The Bank of Thailand on Wednesday raised its benchmark interest rate to the highest level in 10 years, as it moved pre-emptively to check inflationary pressures from the government’s proposed economic stimulus.
The central bank's Monetary Policy Committee (MPC) voted unanimously to increase the one-day repurchase rate by a quarter-point to 2.50%, as predicted by 10 of 21 economists in a Bloomberg survey. The rest had expected no change.
The benchmark interest rate has not been this high since October 2013.
While price gains are running below the central bank’s 1-3% target, policymakers are seeking to build defences against future inflation stoked by loose fiscal policy.
The Consumer Price Index in August rose by 0.88% year-on-year, up from 0.38% the month before.
“Additional pressure from government policies on the economy and inflation must be monitored,” the BoT said in a statement posted on its website after the rate decision.
“Monetary policy should ensure that inflation is within the target range in a sustainable manner and help enhance long-term economic and financial stability.”
The Pheu Thai government led by Prime Minister Srettha Thavisin has announced a number of measures ranging from energy subsidies to cash handouts and debt suspension to spur economic growth.
The latest BoT rate decision comes as the baht has weakened more than 4% this month, making it the worst performer among 12 Asian currencies tracked by Bloomberg. The country’s sovereign bonds have also underperformed, amid concerns about additional government borrowing to finance the new government’s stimulus measures.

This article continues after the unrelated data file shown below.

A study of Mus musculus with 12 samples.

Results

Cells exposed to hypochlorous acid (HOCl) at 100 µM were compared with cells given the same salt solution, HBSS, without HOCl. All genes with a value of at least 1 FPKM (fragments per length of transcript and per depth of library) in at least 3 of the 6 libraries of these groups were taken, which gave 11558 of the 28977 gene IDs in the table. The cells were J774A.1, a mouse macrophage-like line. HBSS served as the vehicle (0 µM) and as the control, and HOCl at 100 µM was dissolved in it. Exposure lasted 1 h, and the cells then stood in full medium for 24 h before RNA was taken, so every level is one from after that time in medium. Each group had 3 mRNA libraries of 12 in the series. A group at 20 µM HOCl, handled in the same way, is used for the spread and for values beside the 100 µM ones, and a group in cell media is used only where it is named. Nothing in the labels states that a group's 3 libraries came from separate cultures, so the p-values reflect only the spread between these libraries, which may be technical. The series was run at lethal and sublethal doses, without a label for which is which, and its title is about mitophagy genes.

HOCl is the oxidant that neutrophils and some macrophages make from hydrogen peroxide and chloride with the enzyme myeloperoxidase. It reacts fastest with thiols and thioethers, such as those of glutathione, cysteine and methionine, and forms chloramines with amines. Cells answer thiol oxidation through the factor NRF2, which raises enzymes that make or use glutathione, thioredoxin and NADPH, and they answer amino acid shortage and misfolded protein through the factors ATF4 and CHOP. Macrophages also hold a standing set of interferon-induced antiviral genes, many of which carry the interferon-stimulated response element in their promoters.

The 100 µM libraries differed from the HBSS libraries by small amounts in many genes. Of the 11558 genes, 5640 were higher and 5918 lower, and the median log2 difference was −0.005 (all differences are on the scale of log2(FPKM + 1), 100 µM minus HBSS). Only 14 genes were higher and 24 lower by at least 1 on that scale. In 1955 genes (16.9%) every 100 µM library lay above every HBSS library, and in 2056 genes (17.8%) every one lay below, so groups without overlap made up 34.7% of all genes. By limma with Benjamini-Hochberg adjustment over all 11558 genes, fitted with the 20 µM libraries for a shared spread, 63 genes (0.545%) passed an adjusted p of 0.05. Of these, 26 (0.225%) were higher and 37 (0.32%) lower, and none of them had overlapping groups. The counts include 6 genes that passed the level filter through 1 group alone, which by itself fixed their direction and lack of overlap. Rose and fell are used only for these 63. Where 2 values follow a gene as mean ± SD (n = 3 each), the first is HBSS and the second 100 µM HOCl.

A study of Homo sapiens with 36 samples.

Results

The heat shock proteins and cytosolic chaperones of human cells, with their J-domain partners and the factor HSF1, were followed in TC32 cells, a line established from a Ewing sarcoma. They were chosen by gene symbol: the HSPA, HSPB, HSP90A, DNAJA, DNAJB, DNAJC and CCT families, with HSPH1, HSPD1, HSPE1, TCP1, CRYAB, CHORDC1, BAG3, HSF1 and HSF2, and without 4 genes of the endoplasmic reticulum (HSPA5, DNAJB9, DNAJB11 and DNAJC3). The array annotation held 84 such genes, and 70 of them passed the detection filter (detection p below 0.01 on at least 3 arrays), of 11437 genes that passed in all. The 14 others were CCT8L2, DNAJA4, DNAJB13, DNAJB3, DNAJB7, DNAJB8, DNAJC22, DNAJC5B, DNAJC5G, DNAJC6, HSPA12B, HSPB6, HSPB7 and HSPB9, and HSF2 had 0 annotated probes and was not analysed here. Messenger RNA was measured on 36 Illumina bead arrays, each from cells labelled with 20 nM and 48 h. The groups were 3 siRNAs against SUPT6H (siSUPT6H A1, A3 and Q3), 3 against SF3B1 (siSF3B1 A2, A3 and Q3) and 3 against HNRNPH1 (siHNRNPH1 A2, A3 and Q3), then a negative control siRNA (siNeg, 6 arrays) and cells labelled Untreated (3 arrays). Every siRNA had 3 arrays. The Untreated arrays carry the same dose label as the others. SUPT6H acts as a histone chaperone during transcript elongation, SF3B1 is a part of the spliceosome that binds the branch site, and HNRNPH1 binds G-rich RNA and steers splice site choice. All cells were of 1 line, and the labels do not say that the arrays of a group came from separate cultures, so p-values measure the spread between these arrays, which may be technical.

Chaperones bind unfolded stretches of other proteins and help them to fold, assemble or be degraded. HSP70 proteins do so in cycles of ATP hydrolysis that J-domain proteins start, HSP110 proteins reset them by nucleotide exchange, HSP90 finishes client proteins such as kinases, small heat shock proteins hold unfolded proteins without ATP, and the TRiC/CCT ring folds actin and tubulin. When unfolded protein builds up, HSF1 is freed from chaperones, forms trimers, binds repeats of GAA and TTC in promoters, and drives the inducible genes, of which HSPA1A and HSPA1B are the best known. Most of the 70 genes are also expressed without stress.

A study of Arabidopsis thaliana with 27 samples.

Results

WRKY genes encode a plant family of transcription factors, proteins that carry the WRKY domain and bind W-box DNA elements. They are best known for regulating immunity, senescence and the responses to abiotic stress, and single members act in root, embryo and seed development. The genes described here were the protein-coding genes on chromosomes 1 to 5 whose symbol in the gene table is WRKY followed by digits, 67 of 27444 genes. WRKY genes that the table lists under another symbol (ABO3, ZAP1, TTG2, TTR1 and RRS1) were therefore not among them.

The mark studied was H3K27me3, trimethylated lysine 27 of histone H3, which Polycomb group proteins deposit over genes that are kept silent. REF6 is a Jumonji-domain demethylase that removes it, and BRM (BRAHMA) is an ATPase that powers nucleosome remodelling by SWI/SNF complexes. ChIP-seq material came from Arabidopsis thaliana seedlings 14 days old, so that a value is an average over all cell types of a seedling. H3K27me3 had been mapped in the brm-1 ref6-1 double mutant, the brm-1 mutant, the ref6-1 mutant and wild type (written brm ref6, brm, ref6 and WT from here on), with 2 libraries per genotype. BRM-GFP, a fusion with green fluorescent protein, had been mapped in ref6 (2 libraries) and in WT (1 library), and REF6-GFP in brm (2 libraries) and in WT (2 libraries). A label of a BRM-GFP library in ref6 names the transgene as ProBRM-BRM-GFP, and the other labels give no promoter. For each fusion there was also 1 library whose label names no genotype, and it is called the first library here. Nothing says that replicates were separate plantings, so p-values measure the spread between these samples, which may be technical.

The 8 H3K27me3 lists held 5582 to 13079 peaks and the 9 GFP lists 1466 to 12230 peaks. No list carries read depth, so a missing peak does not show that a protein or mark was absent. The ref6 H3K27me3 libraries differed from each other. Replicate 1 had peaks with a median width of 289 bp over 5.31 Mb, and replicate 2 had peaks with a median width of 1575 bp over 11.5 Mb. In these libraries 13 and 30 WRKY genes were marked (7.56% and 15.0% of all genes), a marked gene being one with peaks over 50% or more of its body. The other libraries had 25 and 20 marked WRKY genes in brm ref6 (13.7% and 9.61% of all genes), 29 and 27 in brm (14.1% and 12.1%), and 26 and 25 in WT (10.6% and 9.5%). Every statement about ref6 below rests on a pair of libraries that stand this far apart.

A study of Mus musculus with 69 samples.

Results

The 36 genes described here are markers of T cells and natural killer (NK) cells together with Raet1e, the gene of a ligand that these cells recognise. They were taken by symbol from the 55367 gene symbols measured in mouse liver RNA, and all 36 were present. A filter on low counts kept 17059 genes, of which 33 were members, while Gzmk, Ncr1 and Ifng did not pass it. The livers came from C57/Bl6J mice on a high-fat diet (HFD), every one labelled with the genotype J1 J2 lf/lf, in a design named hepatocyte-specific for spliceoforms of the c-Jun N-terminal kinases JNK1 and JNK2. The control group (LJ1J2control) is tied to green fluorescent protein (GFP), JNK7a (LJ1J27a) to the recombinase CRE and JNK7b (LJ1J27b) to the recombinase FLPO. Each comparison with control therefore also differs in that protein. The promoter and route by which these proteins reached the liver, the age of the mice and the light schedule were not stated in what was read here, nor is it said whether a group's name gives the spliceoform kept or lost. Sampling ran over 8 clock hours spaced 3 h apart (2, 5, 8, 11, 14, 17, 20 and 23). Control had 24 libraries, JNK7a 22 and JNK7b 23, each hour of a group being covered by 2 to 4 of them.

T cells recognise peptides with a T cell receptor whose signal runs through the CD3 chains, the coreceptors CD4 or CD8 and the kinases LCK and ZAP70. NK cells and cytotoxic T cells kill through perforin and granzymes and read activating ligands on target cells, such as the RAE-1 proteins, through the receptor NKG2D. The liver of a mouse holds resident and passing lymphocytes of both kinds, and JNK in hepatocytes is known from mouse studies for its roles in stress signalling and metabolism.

The centrepiece of Mr Srettha’s economic stimulus is 560 billion baht in spending to provide 10,000 baht each to an estimated 55 million individuals over age 16. The money will be distributed through a digital wallet and must be used within six months, with the programme expected to be rolled out in the first quarter of 2024.
Along with fresh energy subsidies, a three-year debt suspension for farmers, visa waivers for Chinese tourists and plans to raise the minimum wage, the new government sees economic growth hitting at least 5% annually starting next year.
The government claimsd these steps are necessary to cope with challenges ranging from slowing global demand, geopolitical tensions, high household debt and El Nino weather.
The Bank of Thailand predicts 2.8% growth in GDP this year, improving to 4.4% next year, on “important momentum” from private consumption. It projects inflation will average 1.6% this year and 2.6% in 2024.
“Inflation is likely to increase in 2024 in line with the economic recovery and pressure on the supply side from the El Niño phenomenon,” it said, noting that food prices are a particular concern if El Niño is more severe than expected.